Wednesday, December 29, 2010

Lili's thought for the day

Can autistic behaviours tell us something important about the origins of human spoken language? I've had a short discussion on the subject of ancient hominids today, as you do, and a thought came to mind. Some experts believe the thing that brought about the sudden leap from hominid type creatures to human type creatures could be spoken language. But how did spoken language start? There are many theories floating about, no doubt. I think there is one involving synaesthesia. Could autism give a clue as to how or why hominids started speaking? Obviously the basic anatomy is needed, but that doesn't evolve into anything fancy without already having some basic utility, so what started the process? Do we need to ask the question of why would a hominid start talking, in the absence of an established culture of talking and language? Wouldn't this be rather like talking to one's self? That's a bit eccentric, isn't it? Autistic people do this. Why do autistic people do this? Go ask and autistic person. So were the first hominid speakers a bit autistic? Now that's a novel thought!


Clay said...

I know that I was talking to myself before I could actually speak.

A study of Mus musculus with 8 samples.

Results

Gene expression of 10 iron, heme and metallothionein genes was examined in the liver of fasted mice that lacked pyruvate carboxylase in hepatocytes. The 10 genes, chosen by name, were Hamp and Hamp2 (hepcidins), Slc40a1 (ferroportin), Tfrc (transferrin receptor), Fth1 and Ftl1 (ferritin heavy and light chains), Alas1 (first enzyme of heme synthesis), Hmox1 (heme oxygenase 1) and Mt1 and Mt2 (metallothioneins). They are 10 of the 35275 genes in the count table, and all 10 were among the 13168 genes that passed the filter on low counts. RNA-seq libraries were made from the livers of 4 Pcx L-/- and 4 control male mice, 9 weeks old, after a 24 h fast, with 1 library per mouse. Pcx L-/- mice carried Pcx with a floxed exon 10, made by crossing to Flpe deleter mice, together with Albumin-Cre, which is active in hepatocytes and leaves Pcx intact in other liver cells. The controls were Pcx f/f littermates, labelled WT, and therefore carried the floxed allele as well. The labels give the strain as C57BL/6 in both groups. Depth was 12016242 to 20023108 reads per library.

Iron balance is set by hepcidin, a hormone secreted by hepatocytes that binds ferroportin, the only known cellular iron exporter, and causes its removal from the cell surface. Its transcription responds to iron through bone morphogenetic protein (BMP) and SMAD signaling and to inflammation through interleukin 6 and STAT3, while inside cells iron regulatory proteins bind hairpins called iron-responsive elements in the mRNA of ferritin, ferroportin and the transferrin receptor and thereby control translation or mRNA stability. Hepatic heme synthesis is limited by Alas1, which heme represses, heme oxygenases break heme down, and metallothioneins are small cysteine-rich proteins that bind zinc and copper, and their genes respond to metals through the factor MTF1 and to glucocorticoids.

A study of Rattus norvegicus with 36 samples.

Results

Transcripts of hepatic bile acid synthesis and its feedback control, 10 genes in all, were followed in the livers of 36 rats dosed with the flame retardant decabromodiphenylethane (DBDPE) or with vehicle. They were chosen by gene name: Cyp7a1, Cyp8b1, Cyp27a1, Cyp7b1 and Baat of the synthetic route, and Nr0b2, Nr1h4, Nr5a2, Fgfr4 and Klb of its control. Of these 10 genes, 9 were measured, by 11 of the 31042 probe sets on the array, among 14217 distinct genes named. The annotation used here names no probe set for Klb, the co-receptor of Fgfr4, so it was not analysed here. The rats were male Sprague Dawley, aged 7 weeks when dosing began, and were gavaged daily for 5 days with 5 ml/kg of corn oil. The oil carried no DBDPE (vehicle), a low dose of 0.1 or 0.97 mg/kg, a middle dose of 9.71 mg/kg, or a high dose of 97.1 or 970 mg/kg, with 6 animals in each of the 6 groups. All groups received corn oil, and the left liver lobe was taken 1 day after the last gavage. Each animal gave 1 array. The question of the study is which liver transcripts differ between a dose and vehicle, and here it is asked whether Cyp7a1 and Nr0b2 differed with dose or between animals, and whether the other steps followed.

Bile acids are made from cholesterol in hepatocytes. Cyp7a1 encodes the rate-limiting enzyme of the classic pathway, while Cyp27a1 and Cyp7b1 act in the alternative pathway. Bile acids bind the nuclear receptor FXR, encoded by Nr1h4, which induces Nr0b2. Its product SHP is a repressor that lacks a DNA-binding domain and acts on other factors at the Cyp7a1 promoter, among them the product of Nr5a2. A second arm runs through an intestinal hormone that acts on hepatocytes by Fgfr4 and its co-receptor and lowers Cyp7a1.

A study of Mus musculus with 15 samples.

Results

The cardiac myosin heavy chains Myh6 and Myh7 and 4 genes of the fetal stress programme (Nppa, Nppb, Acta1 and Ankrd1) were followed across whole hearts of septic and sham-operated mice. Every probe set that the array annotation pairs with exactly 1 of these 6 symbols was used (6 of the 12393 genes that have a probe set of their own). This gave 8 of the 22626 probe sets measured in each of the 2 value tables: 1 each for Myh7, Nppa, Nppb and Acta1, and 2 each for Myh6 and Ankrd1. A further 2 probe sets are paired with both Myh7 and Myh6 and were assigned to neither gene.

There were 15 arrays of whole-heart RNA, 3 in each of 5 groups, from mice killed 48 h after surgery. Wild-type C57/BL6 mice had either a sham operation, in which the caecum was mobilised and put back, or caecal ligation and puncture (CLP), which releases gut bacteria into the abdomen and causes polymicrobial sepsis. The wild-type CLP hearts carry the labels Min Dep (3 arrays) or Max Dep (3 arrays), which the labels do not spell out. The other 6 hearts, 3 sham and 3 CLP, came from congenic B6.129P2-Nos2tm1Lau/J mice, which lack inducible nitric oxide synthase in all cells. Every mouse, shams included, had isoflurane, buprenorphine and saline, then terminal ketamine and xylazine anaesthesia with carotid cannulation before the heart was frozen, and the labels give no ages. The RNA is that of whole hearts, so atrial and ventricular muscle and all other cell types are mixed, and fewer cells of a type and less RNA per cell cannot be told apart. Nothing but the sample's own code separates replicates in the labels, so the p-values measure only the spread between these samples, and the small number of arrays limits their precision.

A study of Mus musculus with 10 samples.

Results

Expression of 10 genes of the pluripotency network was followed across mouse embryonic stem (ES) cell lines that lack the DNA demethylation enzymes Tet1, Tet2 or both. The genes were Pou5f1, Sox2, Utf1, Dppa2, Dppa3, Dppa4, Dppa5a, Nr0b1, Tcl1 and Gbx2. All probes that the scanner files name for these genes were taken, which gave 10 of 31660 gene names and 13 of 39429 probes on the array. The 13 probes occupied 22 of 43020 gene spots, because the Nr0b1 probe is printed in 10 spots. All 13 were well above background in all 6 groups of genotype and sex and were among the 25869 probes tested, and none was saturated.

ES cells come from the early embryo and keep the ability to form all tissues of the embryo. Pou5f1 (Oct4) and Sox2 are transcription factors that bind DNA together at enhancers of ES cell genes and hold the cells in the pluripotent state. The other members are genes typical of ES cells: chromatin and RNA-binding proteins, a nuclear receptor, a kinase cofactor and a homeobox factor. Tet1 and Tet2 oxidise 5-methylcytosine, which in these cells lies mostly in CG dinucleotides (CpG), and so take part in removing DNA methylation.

I've mentioned on a couple of forums that my very first memory was of me lying in a baby carriage, in the middle of the living room and facing the dining room. There was a loud crash nearby, and my sisters and parents ran past me toward the front door, saying, "What happened, what happened?"

I was thinking, "What's a "happened?"

I'd say I was 6 to 8 months old at the time, and the crash was someone making a turn from our sidestreet onto a bigger street, and was hit.

My mother said I began speaking at 10 months. I can remember wanting to know what people were saying, and that wanting helped motivate me to understand.

Lili Marlene said...

10 months is fairly early for a boy to start speaking.

You have very detailed memories for so early in life. Unprompted I can't recall anything of my infant/toddler years.